Note: This RSC production transferred to the Duchess 15 June 1998 following its original run at The Barbican Pit. Eileen Atkins and Michael Gambon return to their roles.
You might not expect a two-hander where the characters don t even speak to one another until the final five minutes to be captivating, but The Unexpected Man is unexpectedly so. Or perhaps not so unexpectedly given its credentials - the winning Art team (playwright Yasmina Reza, translator Christopher Hampton and director Matthew Warchus) combined with the considerable acting talents of Michael Gambon and Eileen Atkins.
A man and a woman - a novelist (Gambon) and his biggest fan (Atkins) - are both travelling through the ‘twilight of life on their way from Paris to Frankfurt. She s got his latest book, The Unexpected Man of the title, in her bag but is too embarrassed to read it and too nervous to approach him, as she is dying to do. Through a series of internal monologues, we read their thoughts on each other - making up outrageous stories as one is so inclined to do about strangers in public places - their journeys, their relationships and life in general.
On this last matter, the novelist s position is clear from his first internal utterance - “Bitter,” he says. “It s all so bitter.” Gambon wears his bitterness well as he contemplates the futility of his work, the emptiness of sex and the power of laxatives. Bitter, bored and belligerent but not yet broken, he intrigues but doesn t pull at the heart strings.
Certainly not like Atkins, whose desperate loneliness fills the stage. Her ache is deepened by the recent death of her friend Serge. “How to accept that somebody we loved is dead. How to accept that the world contains one less person to love us...” She stares into space, caught in her reminiscences, her voice snagging with emotion on several occasions - her pain is palpable.
As the monologues mount, so does the frustration. It becomes evident to the audience that these two characters could help to fill the holes in one another s lives. But, shackled by their apprehensions, will they miss the opportunity? Will they speak and connect? Will the fan find the solace she derives from her books in the man who wrote them? Will he prove to be as trustworthy a confidante and companion in real life as he is in her imagination? Will they ever bloody speak?
In this clever script, there are no pat answers to any but the last question. We are however left with a final humorous jab of hope and plenty to ponder. Would our own continuous reel of private thoughts make for such compelling drama? Doubtful, unless your name is Yasmina Reza.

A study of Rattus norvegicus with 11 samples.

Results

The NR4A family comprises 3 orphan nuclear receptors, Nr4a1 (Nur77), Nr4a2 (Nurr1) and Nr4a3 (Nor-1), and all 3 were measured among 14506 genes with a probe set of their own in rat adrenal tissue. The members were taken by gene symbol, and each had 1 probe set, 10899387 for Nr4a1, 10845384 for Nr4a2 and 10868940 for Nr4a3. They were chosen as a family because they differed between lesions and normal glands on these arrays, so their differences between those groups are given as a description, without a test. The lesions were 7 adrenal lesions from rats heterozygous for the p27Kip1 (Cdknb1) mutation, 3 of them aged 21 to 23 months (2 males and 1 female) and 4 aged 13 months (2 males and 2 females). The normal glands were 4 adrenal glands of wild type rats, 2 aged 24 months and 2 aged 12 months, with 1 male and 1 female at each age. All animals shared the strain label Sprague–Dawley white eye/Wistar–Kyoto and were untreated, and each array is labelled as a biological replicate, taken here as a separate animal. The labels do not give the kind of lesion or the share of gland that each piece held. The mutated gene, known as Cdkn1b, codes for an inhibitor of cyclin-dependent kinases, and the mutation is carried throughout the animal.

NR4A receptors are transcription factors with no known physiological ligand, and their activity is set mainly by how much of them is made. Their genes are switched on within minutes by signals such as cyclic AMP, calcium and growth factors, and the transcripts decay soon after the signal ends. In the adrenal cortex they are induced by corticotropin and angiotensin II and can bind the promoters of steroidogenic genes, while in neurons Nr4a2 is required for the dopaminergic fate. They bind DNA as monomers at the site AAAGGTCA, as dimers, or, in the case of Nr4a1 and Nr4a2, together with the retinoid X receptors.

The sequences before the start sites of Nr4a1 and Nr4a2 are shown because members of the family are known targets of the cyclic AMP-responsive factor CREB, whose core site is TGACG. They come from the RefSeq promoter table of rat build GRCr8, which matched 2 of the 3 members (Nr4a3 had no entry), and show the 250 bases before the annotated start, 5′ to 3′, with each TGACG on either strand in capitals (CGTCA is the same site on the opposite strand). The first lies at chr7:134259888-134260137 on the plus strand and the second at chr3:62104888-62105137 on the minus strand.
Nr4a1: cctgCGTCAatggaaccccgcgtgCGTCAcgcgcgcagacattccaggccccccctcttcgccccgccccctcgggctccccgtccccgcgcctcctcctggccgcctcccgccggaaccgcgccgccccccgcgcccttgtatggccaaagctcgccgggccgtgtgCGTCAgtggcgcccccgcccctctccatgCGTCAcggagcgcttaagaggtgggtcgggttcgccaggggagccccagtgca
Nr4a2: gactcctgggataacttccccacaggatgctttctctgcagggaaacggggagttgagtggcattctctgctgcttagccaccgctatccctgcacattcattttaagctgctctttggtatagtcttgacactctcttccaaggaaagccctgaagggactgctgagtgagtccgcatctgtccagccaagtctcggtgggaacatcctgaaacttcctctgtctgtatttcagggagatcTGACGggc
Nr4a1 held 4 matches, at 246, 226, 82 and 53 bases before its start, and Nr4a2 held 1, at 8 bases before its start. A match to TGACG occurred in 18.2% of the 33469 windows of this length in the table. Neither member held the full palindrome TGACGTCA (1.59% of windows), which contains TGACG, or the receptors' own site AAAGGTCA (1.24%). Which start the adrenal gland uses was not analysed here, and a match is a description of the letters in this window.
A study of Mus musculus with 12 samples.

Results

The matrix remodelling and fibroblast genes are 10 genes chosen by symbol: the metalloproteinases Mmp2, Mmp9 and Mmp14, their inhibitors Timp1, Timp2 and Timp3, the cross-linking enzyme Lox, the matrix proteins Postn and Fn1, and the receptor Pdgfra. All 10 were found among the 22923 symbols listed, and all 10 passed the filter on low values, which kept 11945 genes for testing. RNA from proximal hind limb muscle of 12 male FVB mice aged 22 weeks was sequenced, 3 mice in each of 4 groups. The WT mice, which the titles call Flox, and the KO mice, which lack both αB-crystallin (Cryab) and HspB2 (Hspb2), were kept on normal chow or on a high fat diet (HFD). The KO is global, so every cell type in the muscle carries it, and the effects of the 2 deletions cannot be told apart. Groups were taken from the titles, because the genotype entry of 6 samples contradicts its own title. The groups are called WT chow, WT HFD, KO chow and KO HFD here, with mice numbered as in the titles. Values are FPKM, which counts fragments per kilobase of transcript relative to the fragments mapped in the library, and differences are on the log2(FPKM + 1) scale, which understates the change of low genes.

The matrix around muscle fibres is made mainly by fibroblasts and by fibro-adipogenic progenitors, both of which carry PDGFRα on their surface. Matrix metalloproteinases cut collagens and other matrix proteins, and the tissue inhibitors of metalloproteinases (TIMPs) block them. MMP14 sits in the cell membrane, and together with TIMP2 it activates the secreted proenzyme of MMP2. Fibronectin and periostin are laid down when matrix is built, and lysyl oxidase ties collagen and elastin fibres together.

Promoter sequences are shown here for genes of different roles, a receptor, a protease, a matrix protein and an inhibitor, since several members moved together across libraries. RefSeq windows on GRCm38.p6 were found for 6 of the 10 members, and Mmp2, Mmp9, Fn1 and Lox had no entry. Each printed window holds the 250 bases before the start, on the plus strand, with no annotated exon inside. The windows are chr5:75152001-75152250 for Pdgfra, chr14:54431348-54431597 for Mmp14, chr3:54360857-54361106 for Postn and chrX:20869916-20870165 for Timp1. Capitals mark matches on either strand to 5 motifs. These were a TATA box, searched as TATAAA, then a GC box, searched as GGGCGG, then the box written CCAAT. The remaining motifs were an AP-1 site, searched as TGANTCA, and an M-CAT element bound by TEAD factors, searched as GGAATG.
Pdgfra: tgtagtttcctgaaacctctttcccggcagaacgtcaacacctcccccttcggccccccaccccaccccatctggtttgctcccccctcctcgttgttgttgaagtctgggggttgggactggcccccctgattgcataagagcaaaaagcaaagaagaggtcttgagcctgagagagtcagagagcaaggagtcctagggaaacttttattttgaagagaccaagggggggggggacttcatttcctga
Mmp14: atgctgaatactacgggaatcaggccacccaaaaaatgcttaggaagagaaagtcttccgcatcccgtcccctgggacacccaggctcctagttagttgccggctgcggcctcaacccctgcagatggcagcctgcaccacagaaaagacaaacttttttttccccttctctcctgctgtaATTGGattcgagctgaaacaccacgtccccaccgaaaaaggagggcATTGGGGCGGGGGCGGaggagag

Terri Paddock, April 1998
The following WOS reviewer had this to add following the press night at the Duchess Theatre...
But why? While I don't argue that this is quality theatre, the enthusiastic hype around author Yasmina Reza may obscure the possibility that the piece isn't all it's been cracked up to be in reviews like the one above and elsewhere.
Let me explain. First, The Unexpected Man is short. Lunchtime theatre short. Officially said to be 80 minutes long, it clocked in at closer to 70 minutes on press night. Of course, length isn't any indicator of value for money, but at West End prices, it's a pricey way to pay for the privilege of seeing two fine actors.
Then, consider what the production looks like. What we have is an intimate two-hander by a French author. Expecting something Beckett like? With the stage's transparent false floor and eccentric lighting, The Unexpected Man looks more like Starlight Express before the cast's turned up.
Thirdly, there's the pairing of Sir Michael Gambon and Eileen Atkins. Gambon is a big man with a big voice and a booming, Wolfit-style command of the space. Atkins just doesn't have that degree of presence. What's more, she looks odd. Maybe it's to do with the way she's lit, perhaps it's the way she's dressed, but visually, it is hard to settle on what she's supposed to look like or even how old her character is supposed to be. With Gambon, it's simple - big, successful late middle-aged man in a suit. Easy. With Atkins, it should be as easy - middle-aged French woman, exuding chic. But it doesn't work that way.
Finally, while the text of The Unexpected Man has been widely praised, it's not very...well, French. It has a voice that's more Bennett than Beckett. To be sure, the text has some well-crafted and moving sections - especially the Atkins account of being left by a long-time platonic lover - but it's more in the great tradition of BBC Radio 4 short stories than real Gallic insights into the human condition.
Don't let me deter you, though. Go to The Unexpected Man to see what all the fuss is about. Then make up your own mind.